SANTA FE – New Mexico remains one of only eight states without an independent ethics commission.
But a proposed constitutional amendment to create one is picking up momentum as the Legislature moves into its last week and a half.
The House Judiciary Committee on Monday unanimously endorsed a bipartisan proposal to ask voters in 2018 to amend the New Mexico Constitution to establish an ethics commission. The seven-member board would be authorized to investigate allegations of misconduct levied against elected officials, candidates, state employees, lobbyists, contractors and others.
House Speaker Brian Egolf, D-Santa Fe, said he would try to have the measure brought to a vote quickly.
“I’d really like to get this over to the Senate,” he said.
Similar efforts have died repeatedly in the Senate, but supporters of this year’s proposal say they are optimistic because of changes in Senate leadership and the support of a Senate co-sponsor, Democrat Jeff Steinborn of Las Cruces.
Allegations of ethical misconduct have shaken up the state government in recent years:
• In 2015, then-Secretary of State Dianna Duran, a Republican, resigned and pleaded guilty to charges that she misused campaign funds.
• Also in 2015, Democratic state Sen. Phil Griego resigned and he is facing trial on public corruption charges related to the sale of a state-owned building. He is contesting the charges.
• Then-Taxation and Revenue Secretary Demesia Padilla abruptly resigned in December after investigators with the state Attorney General’s Office raided her agency’s offices in search of tax documents – apparently in connection with her work as a private accountant. She hasn’t been charged with a crime.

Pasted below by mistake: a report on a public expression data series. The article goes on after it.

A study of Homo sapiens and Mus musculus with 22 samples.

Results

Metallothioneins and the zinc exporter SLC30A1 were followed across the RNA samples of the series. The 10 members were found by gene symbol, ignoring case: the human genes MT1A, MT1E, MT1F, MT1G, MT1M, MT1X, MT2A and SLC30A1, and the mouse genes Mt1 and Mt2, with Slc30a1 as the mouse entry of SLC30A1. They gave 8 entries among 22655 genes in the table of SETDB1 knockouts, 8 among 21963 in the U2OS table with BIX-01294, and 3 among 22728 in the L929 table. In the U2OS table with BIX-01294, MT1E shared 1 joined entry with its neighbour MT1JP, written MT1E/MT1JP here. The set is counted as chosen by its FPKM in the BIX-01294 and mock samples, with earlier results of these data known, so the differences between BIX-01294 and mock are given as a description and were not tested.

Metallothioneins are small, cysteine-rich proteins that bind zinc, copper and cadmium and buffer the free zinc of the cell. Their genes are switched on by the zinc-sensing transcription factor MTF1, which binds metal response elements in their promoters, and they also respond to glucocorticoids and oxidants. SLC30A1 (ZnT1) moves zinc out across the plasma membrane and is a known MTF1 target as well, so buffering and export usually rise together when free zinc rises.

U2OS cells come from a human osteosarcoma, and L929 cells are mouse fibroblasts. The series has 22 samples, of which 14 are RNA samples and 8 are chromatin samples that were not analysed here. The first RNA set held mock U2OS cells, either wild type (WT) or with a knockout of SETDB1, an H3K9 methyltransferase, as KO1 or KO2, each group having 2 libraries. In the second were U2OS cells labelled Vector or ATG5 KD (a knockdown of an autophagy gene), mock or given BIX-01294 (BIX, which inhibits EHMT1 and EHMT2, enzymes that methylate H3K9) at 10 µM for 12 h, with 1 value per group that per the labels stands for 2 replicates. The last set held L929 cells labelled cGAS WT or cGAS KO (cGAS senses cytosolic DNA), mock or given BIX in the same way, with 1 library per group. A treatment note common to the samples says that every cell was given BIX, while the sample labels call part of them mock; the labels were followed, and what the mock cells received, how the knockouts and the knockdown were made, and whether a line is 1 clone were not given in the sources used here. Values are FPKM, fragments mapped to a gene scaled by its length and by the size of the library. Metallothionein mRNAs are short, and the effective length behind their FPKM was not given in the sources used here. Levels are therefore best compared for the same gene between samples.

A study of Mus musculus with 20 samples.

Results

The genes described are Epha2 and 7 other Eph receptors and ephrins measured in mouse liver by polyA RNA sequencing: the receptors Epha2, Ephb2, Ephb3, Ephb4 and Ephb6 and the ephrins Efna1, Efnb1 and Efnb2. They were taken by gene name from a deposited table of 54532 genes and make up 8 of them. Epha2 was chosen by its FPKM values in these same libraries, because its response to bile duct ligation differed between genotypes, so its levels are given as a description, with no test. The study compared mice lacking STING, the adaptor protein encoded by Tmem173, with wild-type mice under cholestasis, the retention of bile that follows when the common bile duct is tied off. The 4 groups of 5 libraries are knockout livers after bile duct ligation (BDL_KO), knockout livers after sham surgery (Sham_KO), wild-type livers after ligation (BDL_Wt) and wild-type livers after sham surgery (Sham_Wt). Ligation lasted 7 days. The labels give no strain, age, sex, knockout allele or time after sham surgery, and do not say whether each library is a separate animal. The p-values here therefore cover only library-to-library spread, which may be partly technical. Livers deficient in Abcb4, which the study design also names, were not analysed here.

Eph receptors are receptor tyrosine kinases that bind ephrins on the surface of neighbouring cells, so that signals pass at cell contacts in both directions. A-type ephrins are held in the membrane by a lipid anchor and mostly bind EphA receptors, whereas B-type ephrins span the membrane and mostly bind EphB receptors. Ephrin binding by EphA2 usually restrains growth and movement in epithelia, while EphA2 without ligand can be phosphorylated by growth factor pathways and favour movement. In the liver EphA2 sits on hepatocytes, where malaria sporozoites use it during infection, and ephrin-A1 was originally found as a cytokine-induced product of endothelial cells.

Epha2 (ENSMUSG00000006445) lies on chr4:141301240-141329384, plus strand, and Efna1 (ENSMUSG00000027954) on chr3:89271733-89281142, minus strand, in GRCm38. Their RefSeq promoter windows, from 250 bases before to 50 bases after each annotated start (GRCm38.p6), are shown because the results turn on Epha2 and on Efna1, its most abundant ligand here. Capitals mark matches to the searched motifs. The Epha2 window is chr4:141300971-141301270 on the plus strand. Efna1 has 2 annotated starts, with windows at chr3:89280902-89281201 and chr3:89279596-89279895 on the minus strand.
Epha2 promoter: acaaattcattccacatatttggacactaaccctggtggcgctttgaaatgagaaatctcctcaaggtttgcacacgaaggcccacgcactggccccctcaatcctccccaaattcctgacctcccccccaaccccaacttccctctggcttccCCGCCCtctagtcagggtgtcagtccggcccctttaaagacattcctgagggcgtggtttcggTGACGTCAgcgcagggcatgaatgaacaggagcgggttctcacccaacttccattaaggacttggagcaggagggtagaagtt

• Perhaps the most notorious recent allegations center on former Senate leader Manny Aragon, a Democrat who pleaded guilty in 2008 to receiving kickbacks in a scheme to defraud the state in the construction of a courthouse in Albuquerque.
Monday’s committee recommendation came after about an hour of line-by-line review and negotiation with one of the bill’s sponsors, Rep. Jim Dines, R-Albuquerque.
Joining Dines as sponsors are Steinborn; Rep. Nathan Small, D-Las Cruces; and Bill McCamley, D-Mesilla Park.
Judiciary Committee members focused particular attention on how to insulate the proposed ethics commission from political influence. They settled on a seven-member board, with support by five members required to take action.
“To the extent we can take politics out of it, we should,” said House Minority Leader Nate Gentry, R-Albuquerque.
They settled on single members appointed by the governor, Senate president pro tem, Senate minority leader, House speaker and House minority leader. The final two members would be selected by the four legislative appointees.
The commission wouldn’t accept anonymous complaints.
The complaints would be made public at the same time as the target’s response to the complaint. The commission would hold its hearings in public.
It would have power to issue subpoenas to obtain documents and require witnesses to attend hearings.
Dines said the openness would help build public confidence in the group’s work.
“Transparency is going to be the key,” Dines said.